Nov 8, 2005 | According to government data, some 2 million U.S. adolescents (12 to 19) have a pre-diabetic condition called “impaired fasting glucose” (IFG), which puts them at risk for developing cardiovascular problems and full-blown diabetes.

IFG manifests itself in the form of abnormally high blood-sugar levels even after several hours without eating. Research done by the National Institutes of Health and the Centers for Disease Control and Prevention (CDC) indicates that one in 14 children (boys and girls) in a nationwide sample had the condition. In overweight children, the ratio was even higher at one in six.

Average levels of triglycerides and bad cholesterol were also higher in children who had IFG.

The study, which appears in the November issue of Pediatrics, is based on data from 915 children who were involved in a 1999-2000 national health survey.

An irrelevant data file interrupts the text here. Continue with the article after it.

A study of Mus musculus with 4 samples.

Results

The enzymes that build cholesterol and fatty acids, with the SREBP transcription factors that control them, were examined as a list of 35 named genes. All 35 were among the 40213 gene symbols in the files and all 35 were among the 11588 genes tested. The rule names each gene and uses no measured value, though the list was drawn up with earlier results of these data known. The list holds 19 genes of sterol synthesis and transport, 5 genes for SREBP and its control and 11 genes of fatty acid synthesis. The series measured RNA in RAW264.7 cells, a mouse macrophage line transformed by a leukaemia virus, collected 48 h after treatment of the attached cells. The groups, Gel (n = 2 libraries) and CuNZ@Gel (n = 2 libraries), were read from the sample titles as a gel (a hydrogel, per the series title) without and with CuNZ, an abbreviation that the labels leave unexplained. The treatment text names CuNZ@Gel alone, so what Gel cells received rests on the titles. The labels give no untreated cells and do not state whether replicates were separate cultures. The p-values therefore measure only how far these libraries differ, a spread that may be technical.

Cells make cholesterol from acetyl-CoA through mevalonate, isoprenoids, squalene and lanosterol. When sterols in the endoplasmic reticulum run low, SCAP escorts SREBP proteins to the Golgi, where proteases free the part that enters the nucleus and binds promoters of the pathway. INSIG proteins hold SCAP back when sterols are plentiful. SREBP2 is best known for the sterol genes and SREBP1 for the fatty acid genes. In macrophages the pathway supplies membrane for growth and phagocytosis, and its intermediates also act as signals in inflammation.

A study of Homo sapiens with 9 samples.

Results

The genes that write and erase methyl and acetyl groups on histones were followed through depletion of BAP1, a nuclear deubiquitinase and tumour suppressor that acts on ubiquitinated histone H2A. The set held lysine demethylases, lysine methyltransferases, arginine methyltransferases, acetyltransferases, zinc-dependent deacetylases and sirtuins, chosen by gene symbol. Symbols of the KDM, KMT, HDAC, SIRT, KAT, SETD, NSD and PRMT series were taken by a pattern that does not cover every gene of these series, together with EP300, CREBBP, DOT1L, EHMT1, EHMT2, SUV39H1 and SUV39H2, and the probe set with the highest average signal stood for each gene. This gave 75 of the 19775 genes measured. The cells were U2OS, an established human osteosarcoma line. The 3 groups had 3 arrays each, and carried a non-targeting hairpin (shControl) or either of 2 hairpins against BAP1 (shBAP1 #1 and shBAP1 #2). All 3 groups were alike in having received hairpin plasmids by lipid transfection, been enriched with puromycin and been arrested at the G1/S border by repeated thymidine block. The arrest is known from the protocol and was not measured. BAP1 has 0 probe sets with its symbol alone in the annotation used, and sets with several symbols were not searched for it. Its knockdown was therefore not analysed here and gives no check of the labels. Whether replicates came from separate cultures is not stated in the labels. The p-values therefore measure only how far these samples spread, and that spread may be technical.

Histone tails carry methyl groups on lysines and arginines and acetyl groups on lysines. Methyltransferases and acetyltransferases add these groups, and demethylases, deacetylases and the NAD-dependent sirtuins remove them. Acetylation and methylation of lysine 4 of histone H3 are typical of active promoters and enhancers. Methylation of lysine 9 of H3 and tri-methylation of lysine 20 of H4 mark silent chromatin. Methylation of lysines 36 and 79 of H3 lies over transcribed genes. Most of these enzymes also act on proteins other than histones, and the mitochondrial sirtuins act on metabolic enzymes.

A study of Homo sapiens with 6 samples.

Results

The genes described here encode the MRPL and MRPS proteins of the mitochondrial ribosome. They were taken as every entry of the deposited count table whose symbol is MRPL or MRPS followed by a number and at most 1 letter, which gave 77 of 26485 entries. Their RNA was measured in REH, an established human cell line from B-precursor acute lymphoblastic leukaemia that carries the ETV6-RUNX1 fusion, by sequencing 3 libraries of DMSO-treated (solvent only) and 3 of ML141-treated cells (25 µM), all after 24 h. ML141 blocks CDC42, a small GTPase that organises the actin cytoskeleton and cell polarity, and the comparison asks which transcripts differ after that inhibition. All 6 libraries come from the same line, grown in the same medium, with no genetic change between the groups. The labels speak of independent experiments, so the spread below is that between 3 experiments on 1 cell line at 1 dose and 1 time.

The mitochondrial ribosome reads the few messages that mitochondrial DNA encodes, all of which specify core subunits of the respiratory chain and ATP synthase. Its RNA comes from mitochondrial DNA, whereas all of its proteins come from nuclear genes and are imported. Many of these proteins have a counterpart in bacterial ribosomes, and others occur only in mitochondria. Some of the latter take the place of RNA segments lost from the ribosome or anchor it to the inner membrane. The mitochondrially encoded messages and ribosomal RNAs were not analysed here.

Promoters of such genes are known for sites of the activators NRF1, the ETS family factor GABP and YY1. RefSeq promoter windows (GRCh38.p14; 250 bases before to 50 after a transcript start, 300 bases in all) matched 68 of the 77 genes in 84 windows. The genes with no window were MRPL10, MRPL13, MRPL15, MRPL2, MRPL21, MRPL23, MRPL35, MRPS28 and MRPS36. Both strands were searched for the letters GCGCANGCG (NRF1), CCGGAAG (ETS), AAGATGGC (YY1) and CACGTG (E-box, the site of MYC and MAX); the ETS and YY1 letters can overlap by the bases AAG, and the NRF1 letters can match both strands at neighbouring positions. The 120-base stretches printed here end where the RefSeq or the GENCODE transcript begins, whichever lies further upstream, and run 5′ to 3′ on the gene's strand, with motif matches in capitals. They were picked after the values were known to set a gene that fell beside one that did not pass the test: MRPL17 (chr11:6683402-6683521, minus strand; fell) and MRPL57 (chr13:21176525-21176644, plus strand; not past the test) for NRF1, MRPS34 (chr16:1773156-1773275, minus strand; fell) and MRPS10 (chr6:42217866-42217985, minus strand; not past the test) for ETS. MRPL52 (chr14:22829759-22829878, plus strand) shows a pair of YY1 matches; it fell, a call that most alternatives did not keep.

Currently, some 20 million Americans have diabetes. The majority of them are adults, who have Type 2 diabetes, which hinders the body’s ability to use insulin. Type 2 diabetes is closely linked to inactivity and obesity.

Although most American adolescents with diabetes (some 177,000) have Type 1, in which the body produces little or no insulin, Type 2 is on the rise.

The American Diabetes Association defines IFG as fasting blood-sugar levels of least 100 milligrams per deciliter. A fasting blood sugar level above 125 is considered diabetes.

Among tested youngsters, the average level was 89.7, which is within normal range. However, 7% of the children studied were in the pre-diabetic range. That percentage translates to roughly 2 million U.S. youngsters. About 16% of the subjects were obese; a figure that parallels the current nationwide estimate.

Although IFG has no symptoms, it represents a serious metabolic problem which, in time, usually develops into Type 2 diabetes. According to the researchers, significant lifestyle changes, such as exercise and improved diet, have shown to stop pre-diabetes from progressing in adults, so it is likely that the same program can help children.